Sing a Song of Spring

What better way to celebrate spring than with singing? Well, frolicking in the great outdoors, of course, but singing is great fun, too! I wrote my “Song of Spring” with four-year-old children at a Boston area school. We talked about things we like to do in the spring and used our rhyming skills to create the verses. Watch the video and sing along! Here are the lyrics.

A Song of Spring by Liz Buchanan

There are new leaves on the trees, and flowers and bees, in the spring, in the spring.

I like to play in the sun, in the park we’ll have fun, in the spring, in the spring.

Chorus: I like to sing (children repeat each phrase) a song of spring …

(Repeat call and response 3x)

When I look up in the sky, I see birds and butterflies, in the spring …

And though there might be rain, there’s a rainbow on the way, in the spring …  Chorus

On my face there’s a smile, and I think it’s been a while, in the spring …

When all life is new, I feel happy through and through, in the spring …. Chorus

You can use this song to discuss rhyming pairs of words: Sing, spring; trees, bees; fun, sun; sky, butterfly; smile, while; new, through. You can also invite children to help write new verses, finding pairs of spring-related words. The call-and-response parts of the song make it easy for children to join in singing the song right away.

Art projects related to the song could include flowers made from paper-plates or coffee-filters. The four-year-olds who helped originate the song made rainbow streamers with crepe paper.

Here are some of my other favorite songs in the spring repertoire:

Just a Little Seed, my song, on my album Amazing

If I Were a Butterfly, my song, on my album Singing All the Way Home.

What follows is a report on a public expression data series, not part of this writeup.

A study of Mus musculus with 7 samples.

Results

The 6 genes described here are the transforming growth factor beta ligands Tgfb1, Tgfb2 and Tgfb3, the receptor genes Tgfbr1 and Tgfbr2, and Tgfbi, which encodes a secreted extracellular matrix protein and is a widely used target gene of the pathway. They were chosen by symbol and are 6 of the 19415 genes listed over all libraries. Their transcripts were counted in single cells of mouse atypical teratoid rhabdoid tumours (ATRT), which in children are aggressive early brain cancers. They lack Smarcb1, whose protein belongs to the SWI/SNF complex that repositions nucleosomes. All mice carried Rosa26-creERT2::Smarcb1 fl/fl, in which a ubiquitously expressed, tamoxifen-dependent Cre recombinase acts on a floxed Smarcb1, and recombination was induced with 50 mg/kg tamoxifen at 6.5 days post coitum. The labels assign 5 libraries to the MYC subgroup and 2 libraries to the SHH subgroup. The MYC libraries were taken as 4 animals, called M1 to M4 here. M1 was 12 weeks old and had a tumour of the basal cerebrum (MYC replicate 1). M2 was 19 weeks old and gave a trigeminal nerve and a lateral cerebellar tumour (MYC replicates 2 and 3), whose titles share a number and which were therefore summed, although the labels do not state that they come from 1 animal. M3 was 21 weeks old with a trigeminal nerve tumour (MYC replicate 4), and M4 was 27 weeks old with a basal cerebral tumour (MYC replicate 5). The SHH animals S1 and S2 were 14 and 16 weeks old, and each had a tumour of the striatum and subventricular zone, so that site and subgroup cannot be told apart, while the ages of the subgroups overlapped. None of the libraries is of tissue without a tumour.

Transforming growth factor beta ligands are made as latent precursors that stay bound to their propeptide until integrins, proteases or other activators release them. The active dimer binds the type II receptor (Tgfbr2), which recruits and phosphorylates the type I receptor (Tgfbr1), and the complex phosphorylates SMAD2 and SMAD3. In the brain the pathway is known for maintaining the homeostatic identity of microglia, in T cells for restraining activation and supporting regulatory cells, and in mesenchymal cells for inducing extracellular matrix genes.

The Very Hungry Caterpillar, my song written with students and inspired by the Eric Carle book.

Once I Was a Seed – a scale-ascending song about a flower or tree growing, by Nancy Hershatter.

Rainbow Around Me, by Ruth Pelham

Rain nursery rhymes – “Rain, Rain, Go Away,” and “It’s Raining, It’s Pouring” – are fun to sing with rain sticks, especially if you have enough sticks so children get a turn to play them. For a longer, more poetic rain song, try “Rain,” my original song, on my album Singing All the Way Home.

“Rockin’ in the Rabbit Hole” – I usually include this song by “Guitar Bob” Messano in my play mix around Easter, though many children enjoy it year-round. It’s a movement activity in which children dance and hop like rabbits until the “farmer” comes, then they have to get down on the floor and be quiet.

Finally, enjoy a simple finger-play that everyone can do, “Plant the Seed Down in the Ground.” I don’t know the author. Sing it to the tune of “Pop Goes the Weasel.”

You plant the seed down in the ground, (Make a motion like planting a seed on your hand.)

The rain makes a shower (Wiggle your fingers over your hand like a rain shower.)

And then the sun shines bright all around (Round arms over your head like a sun.)

Up! Pops the flower. (Pop one hand up from behind the other, fingers spread like a blooming flower.


  1. Margaret Barnett Hooton

    Thanks so much for sharing, Liz! I did spring tunes today too — We did Pichi-Pichi – a traditional Japanese rain song — here’s a link — we use a rhythm stick to pretend that we have umbrellas and then tap them on the floor during the chorus. One child can serve as the light technician, blinking the lights for lightening.

    We also love Barb Tilson’s I don’t care if the rain comes down.

  2. Hi Liz, here is a link to my Spring Song. A song of hope after a very long winter!